Despite several measures taken to prevent contamination, pollutants like lead and mercury can still end up in the environment.

Despite several measures taken to prevent contamination, pollutants, like lead and mercury, can still end up in the environment.

Image Credit: Vectorpic/

Scientists reporting in the journal ACS Nano have engineered a self-powered nanosensor that could find small amounts of mercury ions and instantly report the outcome.

Mercury present in its Hg2+ form could become dangerous if consumed via contaminated water or food, so scientists have come up with several different mercury sensors. One of these was incorporated into a glove for on-site monitoring, but it failed to detect the ion present in small amounts and needed a regular supply of external power.

Rather, the focus is currently turning to self-powered systems like those impelled by the triboelectric effect, which is a form of static electricity. This electricity could keep the dveice running, and the voltage could also be utilized to signal the existence of a specific analyte.

Such devices are called triboelectric nanosensors (TENS). Hence, Zong-Hong Lin and collaborators wished to make a TENS that could precisely detect small amounts of mercury ions present just by touching a sample.

For TENS to be fabricated, the research group made use of an array of mercury-sensitive tellurium nanowires. This made their sensor highly selective, thereby enabling it to pick out its target even in complex samples.

The scientists mounted the TENS onto the fingertips of a robotic hand and frequently touched it into a sample solution. The modification in voltage was transmitted wirelessly to a smartphone in real time, according to the presence or absence of mercury ions.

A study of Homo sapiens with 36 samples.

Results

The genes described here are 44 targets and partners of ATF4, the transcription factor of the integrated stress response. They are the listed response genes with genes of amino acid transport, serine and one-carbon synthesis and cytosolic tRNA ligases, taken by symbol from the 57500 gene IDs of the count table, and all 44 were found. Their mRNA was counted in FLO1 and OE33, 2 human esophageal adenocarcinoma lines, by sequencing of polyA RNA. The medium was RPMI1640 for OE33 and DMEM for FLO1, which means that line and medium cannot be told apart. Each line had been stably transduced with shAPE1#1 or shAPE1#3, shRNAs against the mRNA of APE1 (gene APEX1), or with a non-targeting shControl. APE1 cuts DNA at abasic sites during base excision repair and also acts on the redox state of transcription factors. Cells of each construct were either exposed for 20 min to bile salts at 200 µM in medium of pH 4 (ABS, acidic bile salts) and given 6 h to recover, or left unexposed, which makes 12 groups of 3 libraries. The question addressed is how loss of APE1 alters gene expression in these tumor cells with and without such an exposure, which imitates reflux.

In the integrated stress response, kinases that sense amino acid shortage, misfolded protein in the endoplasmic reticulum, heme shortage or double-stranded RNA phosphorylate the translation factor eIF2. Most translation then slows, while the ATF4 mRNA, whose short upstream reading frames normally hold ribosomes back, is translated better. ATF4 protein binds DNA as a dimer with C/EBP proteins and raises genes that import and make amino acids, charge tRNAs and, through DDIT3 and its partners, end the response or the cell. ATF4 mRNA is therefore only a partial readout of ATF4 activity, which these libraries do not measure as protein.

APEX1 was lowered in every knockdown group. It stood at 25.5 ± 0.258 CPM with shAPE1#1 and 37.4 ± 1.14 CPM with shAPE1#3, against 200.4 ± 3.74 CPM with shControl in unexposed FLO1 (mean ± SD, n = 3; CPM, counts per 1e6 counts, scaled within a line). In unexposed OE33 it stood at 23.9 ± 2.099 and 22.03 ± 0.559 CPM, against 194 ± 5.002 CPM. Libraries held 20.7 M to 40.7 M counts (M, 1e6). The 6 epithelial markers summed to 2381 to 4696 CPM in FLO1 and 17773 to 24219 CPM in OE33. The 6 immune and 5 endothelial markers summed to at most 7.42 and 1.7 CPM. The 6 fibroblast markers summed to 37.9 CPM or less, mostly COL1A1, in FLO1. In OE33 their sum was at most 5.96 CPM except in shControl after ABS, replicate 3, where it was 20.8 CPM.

Furthermore, the robotic sensor was successful in detecting ions in both naturally sourced and tap water with the same “tapping” technique. Also, it detected them in food, such as shrimp and an apple, after they had been spiked with the contaminant. The scientists say that their TENS could be the basis for similar devices to track other pollutants in a remote and safe manner.

The authors acknowledge financial support from the Young Scholar Fellowship Program by the National Science and Technology Council of Taiwan, the National Tsing Hua University Research Grant, and the Chung-Ang University Research Grant in 2022.

Detecting Mercury Ions With Just a Tap | Headline Science

Detecting mercury ions with just a tap | Headline Science. Video Credit: American Chemical Society.

Journal Reference

Barman, S. R., et al. (2023) Triboelectric Nanosensor Integrated with Robotic Platform for Self-Powered Detection of Chemical Analytes. ACS Nano.